River Forest has plans to green 85 percent of the village’s alleyways using permeable pavements. The voluntary stormwater capacity of the recently completed green alleys is now available for trade within the StormStore™ market through Metropolitan Water Reclamation District's stormwater trading pilot program.
Village of River Forest
A green alley in River Forest, Illinois, completed in 2019
Courtesy of Village of River Forest
Map of alley locations within River Forest, Illinois
Over the last decade, Jeff Loster, Director of Public Works and Development Services for the Village of River Forest, has become an expert on constructing an essential type of urban stormwater infrastructure—the green alley. Now, Mr. Loster and his colleagues at the Village are taking advantage of an innovative program to attract new development to River Forest.
The program—Metropolitan Water Reclamation District’s (MWRD) Stormwater Trading Pilot—is a result of partnership between the Metropolitan Planning Council (MPC) and The Nature Conservancy (StormStore™) to create opportunities for municipalities like River Forest to generate revenue from investments in public stormwater assets. If successful, the Village may use the capacity of these green alleys to offsite the stormwater management requirements elsewhere in the village. Until that development happens, the capacity generated by the green alleys remains on the books (or, in the “bank”) in the StormStore registry.
Like many older suburbs in Cook County, the Village of River Forest uses a combined-sewer system to collect and convey waste water and stormwater through a series of underground pipes to MWRD, the region's sewer authority. When the Village experiences heavy rain storms, many residents experience the unpleasant downsides of a combined sewer: backup in basements, flooding in streets, or soggy yards and parks. For River Forest, green alleys are a logical tool to address these issues because they deliver multiple benefits—not only helping to alleviate local flooding but also upgrading and improving the alleyways that serve the community.
The first four-block segment of green alleys constructed in River Forest nearly a decade ago were funded in part by the Illinois Environmental Protection Agency’s (IEPA) Illinois Green Infrastructure Grant (IGIG) program. At the time the Village was an early adopter of the “green alley” concept, building on prominent examples from the City of Chicago’s Green Alleys program. Today, River Forest is a leader in its own right with plans to complete 14 additional green alleys in 2022-23. This would result in the greening of an impressive 27 of 32 total village alleys.
Like the Village of Franklin Park, located just north along the Des Plaines River, River Forest is an early entrant into the StormStore marketplace. Also like Franklin Park, River Forest intends for credits to be used only within municipal boundaries. One key difference between the approaches taken by the villages is that River Forest is aggregating multiple relatively small projects into a larger credit bank that could be used to offset the regulated requirements of larger development sites. The two Watershed Management Permits that represent the most recently completed green alleys in River Forest provide approximately 0.22 acre-feet of voluntary Volume Control.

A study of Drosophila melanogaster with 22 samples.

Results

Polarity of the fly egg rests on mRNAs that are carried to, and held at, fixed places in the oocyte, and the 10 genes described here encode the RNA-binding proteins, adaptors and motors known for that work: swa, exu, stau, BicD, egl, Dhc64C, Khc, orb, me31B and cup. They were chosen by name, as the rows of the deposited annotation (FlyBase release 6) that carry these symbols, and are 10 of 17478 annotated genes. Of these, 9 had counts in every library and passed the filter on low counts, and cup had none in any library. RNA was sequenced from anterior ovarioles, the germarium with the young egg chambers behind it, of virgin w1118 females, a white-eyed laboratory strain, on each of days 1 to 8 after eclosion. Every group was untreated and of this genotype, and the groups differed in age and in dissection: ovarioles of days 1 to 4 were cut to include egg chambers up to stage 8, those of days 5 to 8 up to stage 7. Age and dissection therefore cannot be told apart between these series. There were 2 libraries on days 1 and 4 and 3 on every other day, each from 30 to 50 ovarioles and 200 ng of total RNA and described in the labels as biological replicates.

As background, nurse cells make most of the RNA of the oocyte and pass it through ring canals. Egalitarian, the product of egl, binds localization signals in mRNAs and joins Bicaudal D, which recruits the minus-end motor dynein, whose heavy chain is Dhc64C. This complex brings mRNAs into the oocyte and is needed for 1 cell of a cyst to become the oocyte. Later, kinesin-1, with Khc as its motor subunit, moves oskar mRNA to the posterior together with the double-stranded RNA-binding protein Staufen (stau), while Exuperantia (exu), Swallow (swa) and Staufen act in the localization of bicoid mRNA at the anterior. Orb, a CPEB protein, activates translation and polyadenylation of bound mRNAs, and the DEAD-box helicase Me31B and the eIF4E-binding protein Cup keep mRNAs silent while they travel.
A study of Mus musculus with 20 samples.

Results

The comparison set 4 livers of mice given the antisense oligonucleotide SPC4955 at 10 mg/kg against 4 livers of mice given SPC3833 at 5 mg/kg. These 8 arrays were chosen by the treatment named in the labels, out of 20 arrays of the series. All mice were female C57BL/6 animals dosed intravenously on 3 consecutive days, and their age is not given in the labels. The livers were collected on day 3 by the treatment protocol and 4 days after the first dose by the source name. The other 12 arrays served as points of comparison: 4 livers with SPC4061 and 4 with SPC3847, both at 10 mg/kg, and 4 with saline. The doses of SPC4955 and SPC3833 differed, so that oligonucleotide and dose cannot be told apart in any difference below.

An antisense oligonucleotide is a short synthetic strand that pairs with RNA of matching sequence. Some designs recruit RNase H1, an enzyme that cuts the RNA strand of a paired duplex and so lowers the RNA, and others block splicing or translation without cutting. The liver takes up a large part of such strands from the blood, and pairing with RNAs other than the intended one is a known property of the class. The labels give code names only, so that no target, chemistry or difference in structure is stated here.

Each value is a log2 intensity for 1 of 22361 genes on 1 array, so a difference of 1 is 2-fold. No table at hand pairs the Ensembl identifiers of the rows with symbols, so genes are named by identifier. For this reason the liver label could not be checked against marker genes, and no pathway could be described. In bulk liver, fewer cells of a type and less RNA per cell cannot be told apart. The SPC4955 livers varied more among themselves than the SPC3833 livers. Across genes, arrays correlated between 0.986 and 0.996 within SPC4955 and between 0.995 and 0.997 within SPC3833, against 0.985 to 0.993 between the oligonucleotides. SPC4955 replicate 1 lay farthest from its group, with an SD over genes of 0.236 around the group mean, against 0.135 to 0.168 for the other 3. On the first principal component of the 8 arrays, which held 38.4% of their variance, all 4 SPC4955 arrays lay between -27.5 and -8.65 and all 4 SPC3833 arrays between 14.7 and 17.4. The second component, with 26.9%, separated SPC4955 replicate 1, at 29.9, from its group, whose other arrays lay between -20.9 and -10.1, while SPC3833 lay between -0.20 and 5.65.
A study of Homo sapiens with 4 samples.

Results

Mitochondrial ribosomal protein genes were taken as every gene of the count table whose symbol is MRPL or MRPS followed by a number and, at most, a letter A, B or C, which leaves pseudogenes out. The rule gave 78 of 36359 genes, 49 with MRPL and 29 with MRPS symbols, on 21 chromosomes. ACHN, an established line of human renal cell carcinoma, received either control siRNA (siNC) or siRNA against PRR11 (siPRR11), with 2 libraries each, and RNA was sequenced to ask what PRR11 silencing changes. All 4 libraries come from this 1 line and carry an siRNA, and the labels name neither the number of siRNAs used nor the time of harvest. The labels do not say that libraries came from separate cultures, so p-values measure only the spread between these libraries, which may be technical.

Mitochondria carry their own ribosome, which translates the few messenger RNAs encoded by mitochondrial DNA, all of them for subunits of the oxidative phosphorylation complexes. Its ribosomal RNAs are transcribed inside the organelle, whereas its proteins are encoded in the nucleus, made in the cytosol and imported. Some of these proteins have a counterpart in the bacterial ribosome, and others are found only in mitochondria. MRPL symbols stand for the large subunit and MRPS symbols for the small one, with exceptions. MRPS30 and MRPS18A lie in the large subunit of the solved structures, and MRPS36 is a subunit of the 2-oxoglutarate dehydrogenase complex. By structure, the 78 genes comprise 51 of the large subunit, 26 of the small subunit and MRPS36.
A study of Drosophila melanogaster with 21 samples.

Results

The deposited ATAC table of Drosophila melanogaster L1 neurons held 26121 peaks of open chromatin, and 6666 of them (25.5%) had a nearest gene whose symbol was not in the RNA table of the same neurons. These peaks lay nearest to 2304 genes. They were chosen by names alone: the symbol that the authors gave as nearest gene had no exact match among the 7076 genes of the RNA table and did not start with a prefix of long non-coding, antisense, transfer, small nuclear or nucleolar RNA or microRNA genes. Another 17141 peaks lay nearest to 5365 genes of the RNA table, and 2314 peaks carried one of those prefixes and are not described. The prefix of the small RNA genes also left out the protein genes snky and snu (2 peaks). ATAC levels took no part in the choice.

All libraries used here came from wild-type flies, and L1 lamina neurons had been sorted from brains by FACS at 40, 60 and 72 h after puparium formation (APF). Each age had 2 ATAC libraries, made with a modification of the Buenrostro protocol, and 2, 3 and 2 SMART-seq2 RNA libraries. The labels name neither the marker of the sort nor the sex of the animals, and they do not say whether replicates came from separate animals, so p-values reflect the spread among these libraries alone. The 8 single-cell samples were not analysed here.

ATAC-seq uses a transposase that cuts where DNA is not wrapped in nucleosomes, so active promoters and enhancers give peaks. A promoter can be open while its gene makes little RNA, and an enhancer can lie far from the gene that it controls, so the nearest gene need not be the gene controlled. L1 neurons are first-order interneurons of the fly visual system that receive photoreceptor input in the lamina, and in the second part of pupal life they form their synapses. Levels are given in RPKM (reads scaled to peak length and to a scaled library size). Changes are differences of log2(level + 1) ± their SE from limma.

While it is too early to know the value of a stormwater credit, the estimates from workshops and interviews conducted by StormStore with developers and engineers familiar with these type of projects anticipate that the going rate for volume control projects could be between $125,000 and $250,000 per acre-foot of volume control provided. If that range is accurate, the combined 0.2187 acre-feet of volume control permitted under these two permits could have a current market value of approximately $27,500 to $54,700—a number that could grow with the addition of each new green alley.
Mr. Loster has a good vantage point to understand how green alleys benefit his community. He started with the Village as an engineer in 2013, to implement those first IGIG-funded green alleys. Since that time, he has completed 13 green alleys throughout the village. “We’ve tweaked the designs [of the green alleys] along the way,” says Mr. Loster, but the general profile remains the same, with water draining toward the centerline of the alley where a three- to four-foot-wide band of permeable pavement exists to capture and infiltrate the stormwater.
If the past is any indicator, the village is on track to leverage the benefits of green alleys and other types of green infrastructure for its residents well into the future. StormStore is happy to partner with River Forest to bring added benefits through stormwater credit trading.